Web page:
I took a little survey while running errands during this month's thaw. I found no one who could explain to me why the thaw happens, even though we are enveloped in it every January like clockwork. And, there seems to be no guidelines as to how high the temperatures must rise and how long for the January thaw to be official. But frankly, when you're finally walking upright at more than a snail's pace, who cares?
Generally, I learned from those surveyed that a January thaw means temperatures are high enough to create dripping off the roof for at least an hour each day. That the phenomenon lasts at least 3 days but longer is better. And it's a grand year when the thaw is accompanied by the sun. And if we really dare to dream big, the thaw and the sun are best if arrival coordinates with at least one weekend. It does in no way mean we lose all our snow. Some years even, it's agreed, the January thaw is not technically a "thaw" but nearer to high freezing temps.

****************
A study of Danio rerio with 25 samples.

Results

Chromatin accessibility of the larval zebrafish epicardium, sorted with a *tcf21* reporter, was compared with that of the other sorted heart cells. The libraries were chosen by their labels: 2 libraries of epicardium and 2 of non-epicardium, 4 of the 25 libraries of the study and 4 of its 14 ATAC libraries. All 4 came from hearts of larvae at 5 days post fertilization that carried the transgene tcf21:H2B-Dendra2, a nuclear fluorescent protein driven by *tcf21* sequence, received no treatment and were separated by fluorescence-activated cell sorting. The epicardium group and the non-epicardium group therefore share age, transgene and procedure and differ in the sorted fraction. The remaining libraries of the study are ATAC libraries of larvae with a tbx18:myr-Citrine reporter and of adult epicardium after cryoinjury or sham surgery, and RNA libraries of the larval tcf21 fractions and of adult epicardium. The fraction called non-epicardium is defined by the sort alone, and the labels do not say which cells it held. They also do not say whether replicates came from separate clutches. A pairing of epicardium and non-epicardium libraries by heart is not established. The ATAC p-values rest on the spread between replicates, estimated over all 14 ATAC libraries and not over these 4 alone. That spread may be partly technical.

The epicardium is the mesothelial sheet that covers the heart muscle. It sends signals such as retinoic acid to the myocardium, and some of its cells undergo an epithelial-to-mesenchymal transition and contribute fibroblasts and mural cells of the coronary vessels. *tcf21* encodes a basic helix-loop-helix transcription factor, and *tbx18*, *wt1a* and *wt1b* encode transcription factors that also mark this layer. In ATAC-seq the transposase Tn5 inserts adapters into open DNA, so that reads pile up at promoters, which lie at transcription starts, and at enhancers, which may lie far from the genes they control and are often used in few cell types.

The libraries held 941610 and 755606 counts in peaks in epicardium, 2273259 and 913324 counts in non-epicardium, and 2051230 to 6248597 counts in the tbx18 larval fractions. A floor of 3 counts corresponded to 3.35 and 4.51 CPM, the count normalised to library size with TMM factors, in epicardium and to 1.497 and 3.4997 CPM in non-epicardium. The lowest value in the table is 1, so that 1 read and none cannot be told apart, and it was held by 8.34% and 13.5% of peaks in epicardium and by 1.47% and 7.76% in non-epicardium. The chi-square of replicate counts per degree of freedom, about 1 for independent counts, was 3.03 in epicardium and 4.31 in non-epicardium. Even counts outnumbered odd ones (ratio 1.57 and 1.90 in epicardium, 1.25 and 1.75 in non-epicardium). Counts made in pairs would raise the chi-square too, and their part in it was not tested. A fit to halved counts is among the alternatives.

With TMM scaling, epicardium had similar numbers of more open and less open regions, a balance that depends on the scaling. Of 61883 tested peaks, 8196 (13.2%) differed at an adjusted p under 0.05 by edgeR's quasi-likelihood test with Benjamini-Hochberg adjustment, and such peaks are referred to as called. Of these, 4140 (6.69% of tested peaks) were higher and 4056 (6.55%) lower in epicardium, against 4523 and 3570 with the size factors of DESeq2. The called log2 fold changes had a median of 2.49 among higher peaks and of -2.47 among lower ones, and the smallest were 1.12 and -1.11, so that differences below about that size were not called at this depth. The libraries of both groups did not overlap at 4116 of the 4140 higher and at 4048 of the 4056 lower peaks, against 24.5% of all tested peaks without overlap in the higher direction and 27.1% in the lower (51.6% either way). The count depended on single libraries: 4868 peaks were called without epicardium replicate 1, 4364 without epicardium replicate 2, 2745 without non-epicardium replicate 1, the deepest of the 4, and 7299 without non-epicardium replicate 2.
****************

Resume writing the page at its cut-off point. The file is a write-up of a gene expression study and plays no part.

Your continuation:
As I write today, the snow is becoming heavy with moisture, falling off the trees and the banks of the creek, creating new noises for my big black lab to bark and growl at as it splashes into the creek.
My friend David tells me the English word for spirit comes from the Latin spiritus, meaning "breath." He suggest that during this January thaw, the earth around me is engaging in a spiritual pursuit, breathing in and breathing out, expanding and contracting. And that's the gift, isn't it; to pay attention to just the simple things like the planet breathing.
"Live each season as it passes; breathe the air, drink the drink, taste the fruit, and resign yourself to the influences of each." ~Henry David Thoreau.